In a world in which Yahoo can go from hot-shot Internet company to looking to sell of its core business, it’s no surprise that other early Internet hits are doing whatever they can to stay relevant.

AOL, originally known for “bringing America online” and those CD-ROMs that cluttered mailboxes, is one such Internet company. On Wednesday, it announced its latest effort to keep things fresh: a startup incubator.

AOL has created Area51, which will take in a few startups, give them money, provide them with guidance, and hope they grow into successful businesses. Ideally, at least some of these startups will provide AOL with a return on its investment, or become part of AOL as acquisitions or partners.

“I think like any company, we need to make sure we plan for the future,” AOL chief technology officer Bill Pence told Fortune.

Along with his duties of managing the company’s technology, Pence says he’s also tasked with putting AOL’s focus back on innovation. Pence has helped develop some of AOL’s other projects aimed at keeping the company on the cutting edge, like its collaboration with Cornell University on a technology lab in New York City.


To run the program, AOL is enlisting the help of some of its venture capital funds: BBG Ventures, Nautilus, and Dawn Patrol Ventures. Investors from these funds will not only mentor the startups, but they’ll also handle the vetting process.

AOL is pretty open-minded in terms of the types of companies it will consider, though they must be related to the company’s own competencies—media, advertising, and consumer Internet services. This is mostly so that the companies can nicely fit into and take advantage of AOL’s corporate resources.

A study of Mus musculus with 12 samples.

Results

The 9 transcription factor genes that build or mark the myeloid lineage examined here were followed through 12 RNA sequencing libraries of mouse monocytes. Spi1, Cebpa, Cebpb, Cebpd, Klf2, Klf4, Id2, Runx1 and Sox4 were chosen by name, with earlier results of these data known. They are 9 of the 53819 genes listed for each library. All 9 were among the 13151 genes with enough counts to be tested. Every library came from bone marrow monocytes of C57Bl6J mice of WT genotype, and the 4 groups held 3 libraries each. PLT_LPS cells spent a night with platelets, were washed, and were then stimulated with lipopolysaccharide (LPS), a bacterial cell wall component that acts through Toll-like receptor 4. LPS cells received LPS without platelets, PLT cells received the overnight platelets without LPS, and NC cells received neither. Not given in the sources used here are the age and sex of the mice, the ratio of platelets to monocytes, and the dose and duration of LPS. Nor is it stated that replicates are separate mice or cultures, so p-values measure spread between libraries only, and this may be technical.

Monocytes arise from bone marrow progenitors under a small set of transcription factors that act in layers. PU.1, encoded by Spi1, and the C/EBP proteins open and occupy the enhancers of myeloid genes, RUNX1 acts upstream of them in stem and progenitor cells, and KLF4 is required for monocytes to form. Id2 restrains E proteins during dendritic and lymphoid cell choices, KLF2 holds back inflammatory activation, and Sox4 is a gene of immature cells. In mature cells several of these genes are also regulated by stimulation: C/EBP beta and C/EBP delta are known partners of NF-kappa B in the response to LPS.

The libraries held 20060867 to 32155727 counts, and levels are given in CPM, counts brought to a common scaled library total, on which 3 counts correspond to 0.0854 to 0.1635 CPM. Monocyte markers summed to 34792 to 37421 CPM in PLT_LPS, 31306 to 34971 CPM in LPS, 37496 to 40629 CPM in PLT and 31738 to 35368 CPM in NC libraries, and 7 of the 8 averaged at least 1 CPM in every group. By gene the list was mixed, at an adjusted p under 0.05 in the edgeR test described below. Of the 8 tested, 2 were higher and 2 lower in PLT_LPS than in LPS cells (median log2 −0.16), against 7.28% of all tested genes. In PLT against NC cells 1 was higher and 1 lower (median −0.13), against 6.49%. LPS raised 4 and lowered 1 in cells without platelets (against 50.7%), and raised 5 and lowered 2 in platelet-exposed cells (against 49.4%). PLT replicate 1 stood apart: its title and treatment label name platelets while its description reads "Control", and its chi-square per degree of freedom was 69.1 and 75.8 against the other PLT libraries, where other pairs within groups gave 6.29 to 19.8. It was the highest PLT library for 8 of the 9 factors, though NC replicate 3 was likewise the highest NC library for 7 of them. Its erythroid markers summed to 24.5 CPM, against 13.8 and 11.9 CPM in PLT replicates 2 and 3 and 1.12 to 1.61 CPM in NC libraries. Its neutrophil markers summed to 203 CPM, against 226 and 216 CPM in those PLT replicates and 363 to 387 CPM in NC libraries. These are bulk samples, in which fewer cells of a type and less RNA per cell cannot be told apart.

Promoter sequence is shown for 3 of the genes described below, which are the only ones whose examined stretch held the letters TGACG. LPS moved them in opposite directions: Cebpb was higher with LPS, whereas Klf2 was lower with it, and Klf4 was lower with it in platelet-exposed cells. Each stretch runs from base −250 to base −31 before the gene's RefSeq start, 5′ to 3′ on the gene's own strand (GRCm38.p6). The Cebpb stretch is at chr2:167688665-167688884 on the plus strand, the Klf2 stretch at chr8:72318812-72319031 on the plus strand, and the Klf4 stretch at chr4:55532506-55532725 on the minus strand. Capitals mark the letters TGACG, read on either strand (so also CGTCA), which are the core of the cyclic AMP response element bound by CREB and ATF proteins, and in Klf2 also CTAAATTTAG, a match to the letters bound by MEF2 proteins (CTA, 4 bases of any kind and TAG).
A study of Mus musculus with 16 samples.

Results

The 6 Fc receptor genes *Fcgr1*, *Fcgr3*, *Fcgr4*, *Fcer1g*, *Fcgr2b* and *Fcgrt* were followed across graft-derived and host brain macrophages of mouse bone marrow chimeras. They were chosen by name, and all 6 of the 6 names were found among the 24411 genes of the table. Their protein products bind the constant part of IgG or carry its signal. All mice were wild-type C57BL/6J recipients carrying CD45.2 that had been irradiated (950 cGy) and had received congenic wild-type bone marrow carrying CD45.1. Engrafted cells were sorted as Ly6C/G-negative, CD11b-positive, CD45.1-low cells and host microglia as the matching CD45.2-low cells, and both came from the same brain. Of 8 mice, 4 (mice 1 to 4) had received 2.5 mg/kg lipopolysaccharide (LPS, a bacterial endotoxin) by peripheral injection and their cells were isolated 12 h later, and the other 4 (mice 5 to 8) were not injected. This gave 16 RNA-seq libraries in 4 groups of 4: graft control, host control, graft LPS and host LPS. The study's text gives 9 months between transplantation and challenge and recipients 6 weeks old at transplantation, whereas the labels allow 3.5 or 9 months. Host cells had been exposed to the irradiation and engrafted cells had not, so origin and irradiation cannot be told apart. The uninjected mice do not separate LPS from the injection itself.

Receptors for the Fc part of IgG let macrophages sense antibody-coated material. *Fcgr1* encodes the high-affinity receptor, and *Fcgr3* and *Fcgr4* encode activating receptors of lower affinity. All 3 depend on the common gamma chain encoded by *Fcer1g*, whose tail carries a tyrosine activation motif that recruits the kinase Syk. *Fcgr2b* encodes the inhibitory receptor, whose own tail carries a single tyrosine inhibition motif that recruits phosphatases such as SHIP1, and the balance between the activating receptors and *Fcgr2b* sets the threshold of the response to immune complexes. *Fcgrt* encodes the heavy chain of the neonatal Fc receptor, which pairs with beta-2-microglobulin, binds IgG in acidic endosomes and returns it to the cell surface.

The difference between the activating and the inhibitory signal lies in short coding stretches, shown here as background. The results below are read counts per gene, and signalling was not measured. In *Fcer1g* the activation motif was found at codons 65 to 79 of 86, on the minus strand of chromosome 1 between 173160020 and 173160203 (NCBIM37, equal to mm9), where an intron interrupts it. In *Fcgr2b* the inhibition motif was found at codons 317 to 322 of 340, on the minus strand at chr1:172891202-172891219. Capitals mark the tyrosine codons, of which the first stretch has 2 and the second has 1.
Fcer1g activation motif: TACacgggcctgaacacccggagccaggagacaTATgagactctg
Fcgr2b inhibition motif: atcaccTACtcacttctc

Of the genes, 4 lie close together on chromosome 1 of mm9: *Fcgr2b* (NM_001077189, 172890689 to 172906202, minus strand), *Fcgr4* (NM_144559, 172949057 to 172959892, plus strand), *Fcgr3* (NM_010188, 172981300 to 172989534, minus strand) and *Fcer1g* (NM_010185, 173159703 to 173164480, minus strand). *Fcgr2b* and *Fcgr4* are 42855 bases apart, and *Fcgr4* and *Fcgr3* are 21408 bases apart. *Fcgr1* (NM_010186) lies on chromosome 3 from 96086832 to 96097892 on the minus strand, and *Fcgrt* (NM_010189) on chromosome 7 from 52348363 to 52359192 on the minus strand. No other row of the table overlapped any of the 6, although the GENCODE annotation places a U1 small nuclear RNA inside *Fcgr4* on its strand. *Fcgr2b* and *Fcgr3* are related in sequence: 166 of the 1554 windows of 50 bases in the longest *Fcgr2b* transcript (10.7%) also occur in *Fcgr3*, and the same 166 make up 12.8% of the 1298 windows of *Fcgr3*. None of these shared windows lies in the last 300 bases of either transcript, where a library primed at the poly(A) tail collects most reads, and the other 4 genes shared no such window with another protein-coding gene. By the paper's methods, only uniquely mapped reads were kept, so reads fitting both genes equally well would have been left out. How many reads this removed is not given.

“We’re not looking to go way outside our core like hardware or health tech and things like that,” said Pence.

The program is an obvious play for attracting—and retaining—employees, especially those with an entrepreneurial streak.

Like many other large companies, AOL has tried a variety of formats to emulate the agile and free-thinking style of startups. For example, it has Alpha, its experimental arm that builds various projects such as messaging app Pip, photo editing app Vivv, and Starlike, an app for tracking friends on Twitter, Facebook, and LinkedIn.

“Everybody’s got some flavor of these, it’s become tablestakes,” Pence said of the proliferation of experimental labs and sandboxes that most large companies have created internally. Though it recently dismantled it, Facebook ran its Creative Labs unit for years, and of course there’s Alphabet’s X division (previously known as GoogleX), which serves as a large research and development arm.

However, both Ryan Block and Peter Rojas, who led Alpha for a couple of years after AOL acquired their company, have since left for new projects, proving that a sandbox might not always be enough to keep entrepreneurs at a big company. Yahoo learned that lesson the hard way—despite the billions of dollars it spent to essentially buy startup entrepreneurs, many have since left the company.

Along with creating a program that keeps things interested for adventurous employees, Area51 will also serve as a breeding ground for potential acquisitions or business partners for AOL, which itself was acquired by Verizon last year for $4.4 billion. In the end, some of the participating startups may be spun out into independent businesses or wound down if they’re not thriving, but some could be swallowed by AOL if they’re a good match. However, Pence says that the program’s goal is not to serve as a project factory for his employer.